Students can Quickly and Easily Document Research with the Writing Reviser


The Byzantine particulars of documenting sources within a research paper and correctly formatting a final Works Cited page have frustrated students and teachers since the invention of papyrus.

Worse, struggling to research the proper way to cite research sources steals valuable time from activities central to any writing class: refining the essay’s overall structure and its line-by-line expressiveness.

Traditional handbook guidelines have proven woefully inadequate to generations of young writers attempting to negotiate the confusing straits of proper documentation, which involves seemingly capricious—one might say Kafkaesque--variations depending on whether the student is citing a journal, a magazine, a newspaper, a book with one author, a book with multiple authors, a book with an editor and multiple authors, a book with multiple editors and a Martian co-author, and so on into despair, breakdown, and insanity.

The task has not grown simpler with the introduction of online sources.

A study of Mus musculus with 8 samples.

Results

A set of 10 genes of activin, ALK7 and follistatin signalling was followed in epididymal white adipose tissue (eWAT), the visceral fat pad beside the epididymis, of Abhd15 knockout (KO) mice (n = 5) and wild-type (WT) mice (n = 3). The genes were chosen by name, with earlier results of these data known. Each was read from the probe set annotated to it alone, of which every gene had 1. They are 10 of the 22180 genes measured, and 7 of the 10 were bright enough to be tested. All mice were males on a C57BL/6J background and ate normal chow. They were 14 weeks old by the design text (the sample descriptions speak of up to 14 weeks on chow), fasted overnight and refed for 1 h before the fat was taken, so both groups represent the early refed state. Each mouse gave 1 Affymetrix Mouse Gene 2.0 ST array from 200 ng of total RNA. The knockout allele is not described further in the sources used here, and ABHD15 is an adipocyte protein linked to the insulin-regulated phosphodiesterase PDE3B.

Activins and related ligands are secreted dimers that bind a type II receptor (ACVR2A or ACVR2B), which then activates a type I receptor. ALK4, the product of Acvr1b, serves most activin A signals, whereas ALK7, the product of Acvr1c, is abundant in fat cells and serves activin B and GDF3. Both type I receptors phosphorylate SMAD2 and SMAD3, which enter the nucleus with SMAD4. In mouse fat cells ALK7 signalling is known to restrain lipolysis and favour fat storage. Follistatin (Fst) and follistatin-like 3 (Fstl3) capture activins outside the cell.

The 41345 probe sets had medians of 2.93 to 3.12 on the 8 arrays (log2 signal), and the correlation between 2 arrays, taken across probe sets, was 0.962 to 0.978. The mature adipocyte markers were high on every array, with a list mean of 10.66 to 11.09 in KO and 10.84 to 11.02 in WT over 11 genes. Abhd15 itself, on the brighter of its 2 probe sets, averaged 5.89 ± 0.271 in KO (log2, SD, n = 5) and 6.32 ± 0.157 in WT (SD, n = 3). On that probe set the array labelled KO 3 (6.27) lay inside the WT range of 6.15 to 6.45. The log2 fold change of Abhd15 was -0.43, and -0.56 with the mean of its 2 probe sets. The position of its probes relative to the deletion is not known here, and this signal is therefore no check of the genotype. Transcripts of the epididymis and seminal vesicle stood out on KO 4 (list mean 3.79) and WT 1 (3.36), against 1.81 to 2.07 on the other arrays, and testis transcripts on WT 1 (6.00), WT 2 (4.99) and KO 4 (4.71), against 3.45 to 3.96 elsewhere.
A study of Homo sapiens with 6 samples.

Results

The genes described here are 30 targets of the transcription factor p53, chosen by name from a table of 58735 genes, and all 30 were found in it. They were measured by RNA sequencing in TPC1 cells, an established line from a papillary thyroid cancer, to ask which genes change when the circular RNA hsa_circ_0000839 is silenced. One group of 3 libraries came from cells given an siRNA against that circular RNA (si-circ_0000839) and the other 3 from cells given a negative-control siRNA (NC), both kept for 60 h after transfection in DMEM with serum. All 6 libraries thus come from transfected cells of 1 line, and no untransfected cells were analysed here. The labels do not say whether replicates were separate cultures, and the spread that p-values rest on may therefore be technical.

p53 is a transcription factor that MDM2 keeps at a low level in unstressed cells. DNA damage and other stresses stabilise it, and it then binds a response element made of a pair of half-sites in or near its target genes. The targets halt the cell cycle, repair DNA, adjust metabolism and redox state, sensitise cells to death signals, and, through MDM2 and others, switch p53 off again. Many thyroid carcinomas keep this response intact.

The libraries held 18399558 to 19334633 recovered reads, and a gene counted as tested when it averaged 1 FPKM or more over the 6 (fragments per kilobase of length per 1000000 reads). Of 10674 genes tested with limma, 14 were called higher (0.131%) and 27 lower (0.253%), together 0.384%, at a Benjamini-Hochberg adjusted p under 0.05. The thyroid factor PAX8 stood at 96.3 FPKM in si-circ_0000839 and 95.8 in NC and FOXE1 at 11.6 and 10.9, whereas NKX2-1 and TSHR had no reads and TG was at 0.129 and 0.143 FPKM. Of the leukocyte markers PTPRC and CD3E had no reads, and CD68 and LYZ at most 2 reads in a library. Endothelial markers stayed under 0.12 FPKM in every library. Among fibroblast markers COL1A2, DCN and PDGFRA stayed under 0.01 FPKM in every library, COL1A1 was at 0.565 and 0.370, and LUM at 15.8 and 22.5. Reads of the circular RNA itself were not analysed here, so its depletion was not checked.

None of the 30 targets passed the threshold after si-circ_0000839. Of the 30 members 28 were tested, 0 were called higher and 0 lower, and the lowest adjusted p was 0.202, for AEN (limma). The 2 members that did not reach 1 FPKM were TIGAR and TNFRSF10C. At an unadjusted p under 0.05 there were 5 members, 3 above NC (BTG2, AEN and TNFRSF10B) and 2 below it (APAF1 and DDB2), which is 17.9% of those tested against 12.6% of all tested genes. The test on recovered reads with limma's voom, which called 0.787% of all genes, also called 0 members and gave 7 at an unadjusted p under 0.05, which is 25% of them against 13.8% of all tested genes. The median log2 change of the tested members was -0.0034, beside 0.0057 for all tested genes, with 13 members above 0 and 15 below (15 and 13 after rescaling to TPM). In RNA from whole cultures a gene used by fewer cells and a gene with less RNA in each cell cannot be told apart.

The free Writing Reviser puts an end to these problems. By making a series of simple choices from pull-down menus, students automatically follow the prescribed MLA style. Our technology makes the correct formatting decisions and displays them for the student to see.

Students open the research wizard by highlighting text and clicking the research button.

Students thus save time better devoted to refining their essays. They don’t try to memorize formats that even graduate students need to look up every time they write a paper.

And teachers save time looking up and correcting mistakes that often prove as puzzling to the student in corrected form as they did during the original failed composition.

Our research feature is just one of many ways Writing Reviser helps students begin to ask themselves the kinds of questions experienced writers ask automatically. Learn more about the Writing Reviser—and our complete suite of writing tools from Curriculum Pathways—at Using Google Docs? You can add the Writing Reviser to your Google Docs for free.

For more information on our research feature, see Publish Don’t Perish and Documenting Sources with a Research Tool.


About Author

Tim McBride

Supervisor, Educational Multimedia Writing

Tim McBride has degrees from Rochester Institute of Technology and NC State University, where he taught English for several years. His first book of poetry, The Manageable Cold, was published recently by TriQuarterly Press at Northwestern University. He works as a writer and an editor on Curriculum Pathways. He lives in Cary, NC, with an American pit bull terrier named Charlie McCarthy and a Catahoula hog dog named Junk.